Concessive Clauses in the Subjunctive

by Karen Conn

General discussion

Concessive clauses are one of the seven adverbial uses of the subjunctive mood in dependent clauses.  As the term "dependent clauses" implies, this type of clause cannot stand alone, as alone it would only be an incomplete sentence.  Therefore, a concessive clause must be part of a complex sentence with an independent clause.  This does not mean that dependent clauses are simple and basic; rather, as Allen and Greenough note, a subordinate clause may itself be modified by another subordinate clause.

How to identify a concessive clause:

1)  Of course, the verb in such a clause must be in the subjunctive.
2)  There are certain words which introduce this type of clause (as listed in Gildersleeve and Lodge): ***it should be noted that these words do not always introduce concessive clauses, but concessive clauses often contain these***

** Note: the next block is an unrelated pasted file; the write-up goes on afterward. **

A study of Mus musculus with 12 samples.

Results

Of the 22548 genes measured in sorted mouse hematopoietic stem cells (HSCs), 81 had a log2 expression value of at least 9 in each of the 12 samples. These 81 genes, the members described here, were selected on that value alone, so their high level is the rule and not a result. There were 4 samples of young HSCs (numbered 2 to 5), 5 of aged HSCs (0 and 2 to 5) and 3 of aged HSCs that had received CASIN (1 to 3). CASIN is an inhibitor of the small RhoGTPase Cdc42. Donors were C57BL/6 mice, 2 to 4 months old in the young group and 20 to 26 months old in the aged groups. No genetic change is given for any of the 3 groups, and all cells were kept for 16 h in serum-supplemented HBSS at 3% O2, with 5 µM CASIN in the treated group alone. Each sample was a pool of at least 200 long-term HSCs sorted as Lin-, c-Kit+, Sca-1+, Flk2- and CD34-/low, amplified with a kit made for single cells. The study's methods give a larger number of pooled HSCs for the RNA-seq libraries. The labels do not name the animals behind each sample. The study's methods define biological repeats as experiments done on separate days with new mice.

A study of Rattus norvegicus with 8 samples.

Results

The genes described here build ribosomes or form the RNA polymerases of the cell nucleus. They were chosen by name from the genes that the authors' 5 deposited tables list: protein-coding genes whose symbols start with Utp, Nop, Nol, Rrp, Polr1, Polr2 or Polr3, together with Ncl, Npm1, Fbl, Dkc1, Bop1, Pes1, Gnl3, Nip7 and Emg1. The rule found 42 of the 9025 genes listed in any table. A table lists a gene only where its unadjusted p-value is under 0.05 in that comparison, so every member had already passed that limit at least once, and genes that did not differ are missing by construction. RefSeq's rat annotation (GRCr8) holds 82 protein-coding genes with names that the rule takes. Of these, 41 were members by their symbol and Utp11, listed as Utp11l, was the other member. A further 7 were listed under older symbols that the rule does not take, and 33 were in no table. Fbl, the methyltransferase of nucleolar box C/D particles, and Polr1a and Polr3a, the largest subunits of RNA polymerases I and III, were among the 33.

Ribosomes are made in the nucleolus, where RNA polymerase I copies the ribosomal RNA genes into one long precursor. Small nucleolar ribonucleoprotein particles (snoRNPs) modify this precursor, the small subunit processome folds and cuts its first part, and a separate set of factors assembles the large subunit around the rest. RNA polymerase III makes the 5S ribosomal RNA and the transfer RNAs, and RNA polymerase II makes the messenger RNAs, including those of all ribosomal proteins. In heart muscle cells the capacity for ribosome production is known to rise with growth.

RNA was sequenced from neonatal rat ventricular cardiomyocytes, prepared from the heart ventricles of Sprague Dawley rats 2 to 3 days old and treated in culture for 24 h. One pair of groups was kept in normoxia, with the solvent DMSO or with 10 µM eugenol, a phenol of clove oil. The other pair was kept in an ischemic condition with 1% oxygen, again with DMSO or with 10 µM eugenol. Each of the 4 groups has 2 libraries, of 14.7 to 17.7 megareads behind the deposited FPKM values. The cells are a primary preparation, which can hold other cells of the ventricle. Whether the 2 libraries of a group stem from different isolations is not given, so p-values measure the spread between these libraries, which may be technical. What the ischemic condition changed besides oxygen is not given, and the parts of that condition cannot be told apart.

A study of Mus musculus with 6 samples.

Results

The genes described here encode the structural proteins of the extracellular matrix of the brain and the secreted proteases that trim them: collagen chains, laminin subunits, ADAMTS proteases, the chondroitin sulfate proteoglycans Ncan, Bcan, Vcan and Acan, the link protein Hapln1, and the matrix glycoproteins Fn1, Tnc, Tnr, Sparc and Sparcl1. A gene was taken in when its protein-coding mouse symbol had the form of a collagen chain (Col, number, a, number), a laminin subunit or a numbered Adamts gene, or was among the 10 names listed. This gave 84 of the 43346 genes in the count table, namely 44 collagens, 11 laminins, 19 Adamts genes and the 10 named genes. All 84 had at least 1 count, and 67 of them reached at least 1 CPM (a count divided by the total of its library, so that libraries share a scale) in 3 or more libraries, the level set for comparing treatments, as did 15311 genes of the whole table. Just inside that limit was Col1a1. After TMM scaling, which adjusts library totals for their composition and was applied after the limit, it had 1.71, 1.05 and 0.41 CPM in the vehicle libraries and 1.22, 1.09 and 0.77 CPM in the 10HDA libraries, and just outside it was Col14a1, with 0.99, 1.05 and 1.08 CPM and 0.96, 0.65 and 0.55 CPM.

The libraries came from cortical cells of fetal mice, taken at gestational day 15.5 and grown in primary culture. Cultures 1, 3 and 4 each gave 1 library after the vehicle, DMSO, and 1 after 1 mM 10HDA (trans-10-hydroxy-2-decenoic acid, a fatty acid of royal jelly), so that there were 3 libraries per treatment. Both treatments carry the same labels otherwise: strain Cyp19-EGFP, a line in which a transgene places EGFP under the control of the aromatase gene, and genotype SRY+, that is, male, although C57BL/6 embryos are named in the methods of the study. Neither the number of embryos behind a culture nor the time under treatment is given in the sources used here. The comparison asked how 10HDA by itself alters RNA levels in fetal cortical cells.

How to translate a concessive clause:

Usually, concessive clauses are translated by "although," "and yet," "however," "though." Often, the independent clause in this type of compound sentence contains the word, or idea, of tamen (meaning nevertheless).


Quamvis me risisset, iratus non fiebam.
 Although he had laughed at me, (nevertheless) I did not become angry.

Quamquam eos videramus, tamen loqui noluimus.
 Although we had seen them, nevertheless we did not want to speak.

Cum in Italia simus, Romam tamen non ibimus.
 Although we are in Italy, nevertheless we shall not go to Rome.

Intricacies of the use of the concessive clause in the subjunctive:

In later Latin, the subjunctive is used when qui is used as the equivalent to cum is in the concessive sense.

Works used:
Allen and Greenough
Gildersleeve and Lodge
Moreland and Fleischer, Latin: an intensive course. Berkeley, Los
Angeles, London: University of California Press, 1977.